Dutch political party leaders are in intensive talks in a bid to lay the foundations for a new coalition government, Dutch newspaper De Volkskrant said on Friday.
Christian Democrat (CDA) leader Jan Peter Balkenende, Labor Party (PvdA) leader Wouter Bos, and Christian Union (CU) leader Andre Rouvoet withdrew to a remote estate in the northern Netherlands on Friday to take advantage of the peace and quiet there, said the paper.
The leaders have spent the last few days drawing up a list of the most important differences of opinion and points of agreement between their parties.
The parties have told each other, among other things, their wishes and ambitions for the coming years. On the basis of that, they would try to formulate a mission for the new government, said De Volkskrant.
Insiders expect that the parties will announce on Friday that they have found enough common ground to move forward together.
Starting on Monday, the negotiations will continue in The Hague when "difficult topics" will be up for discussion.
Some of the issues which were expected to cause problems between the CDA and PvdA were the general old age pension, mortgage interest relief, rent policy, foreign policy, and liberalization in healthcare, said De Volkskrant.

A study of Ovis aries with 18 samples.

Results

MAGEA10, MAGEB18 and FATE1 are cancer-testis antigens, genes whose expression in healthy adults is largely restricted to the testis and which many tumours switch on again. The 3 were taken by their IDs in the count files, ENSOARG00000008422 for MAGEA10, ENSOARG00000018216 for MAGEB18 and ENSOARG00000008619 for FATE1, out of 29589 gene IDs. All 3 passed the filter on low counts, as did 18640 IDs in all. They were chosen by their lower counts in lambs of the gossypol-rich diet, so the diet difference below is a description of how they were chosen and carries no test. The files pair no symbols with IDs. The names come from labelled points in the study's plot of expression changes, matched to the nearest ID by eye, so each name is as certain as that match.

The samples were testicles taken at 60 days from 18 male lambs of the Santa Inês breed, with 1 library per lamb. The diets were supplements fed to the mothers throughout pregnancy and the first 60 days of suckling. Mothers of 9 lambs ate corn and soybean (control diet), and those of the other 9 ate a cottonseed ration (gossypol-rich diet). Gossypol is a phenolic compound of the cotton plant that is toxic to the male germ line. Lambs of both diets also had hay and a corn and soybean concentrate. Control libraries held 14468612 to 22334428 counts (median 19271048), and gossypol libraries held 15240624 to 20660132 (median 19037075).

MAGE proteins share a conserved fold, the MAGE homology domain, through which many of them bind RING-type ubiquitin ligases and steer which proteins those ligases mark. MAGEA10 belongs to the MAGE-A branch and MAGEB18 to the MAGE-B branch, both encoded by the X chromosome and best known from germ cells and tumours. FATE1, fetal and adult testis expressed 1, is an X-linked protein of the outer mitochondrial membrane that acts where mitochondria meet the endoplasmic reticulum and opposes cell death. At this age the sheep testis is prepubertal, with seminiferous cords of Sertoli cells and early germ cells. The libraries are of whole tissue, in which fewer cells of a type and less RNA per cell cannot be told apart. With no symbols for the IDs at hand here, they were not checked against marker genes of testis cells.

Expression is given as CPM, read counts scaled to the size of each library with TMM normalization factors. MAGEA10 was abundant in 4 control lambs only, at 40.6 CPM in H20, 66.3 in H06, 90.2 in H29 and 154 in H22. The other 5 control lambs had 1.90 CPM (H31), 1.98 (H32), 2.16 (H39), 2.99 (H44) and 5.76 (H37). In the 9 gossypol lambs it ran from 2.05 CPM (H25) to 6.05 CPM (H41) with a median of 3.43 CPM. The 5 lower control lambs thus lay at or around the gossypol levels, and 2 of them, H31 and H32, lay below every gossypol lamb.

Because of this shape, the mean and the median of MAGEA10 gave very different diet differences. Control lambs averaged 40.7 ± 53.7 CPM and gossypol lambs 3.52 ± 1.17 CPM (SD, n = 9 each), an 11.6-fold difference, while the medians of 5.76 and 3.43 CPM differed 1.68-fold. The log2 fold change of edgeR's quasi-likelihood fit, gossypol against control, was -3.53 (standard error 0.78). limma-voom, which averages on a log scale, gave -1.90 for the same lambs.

CU leader Rouvoet is under pressure from his party to make progress on ethical issues. The majority of his followers believe that the party should withdraw from the negotiations if Rouvoet does not manage to secure changes to policies on same-sex marriage, euthanasia or abortion.
There was much resistance, however, in the PvdA to the conservative approach of the CU to these medical-ethical areas, said the paper.
In the November elections, the center-right CDA and the center-left PvdA seized 41 and 33 parliamentary seats respectively. With the CU, which won six seats, the prospective coalition would have a simple majority in the 150-seat parliament.
The PvdA was the largest opposition in the previous government led by Jan Peter Balkenende.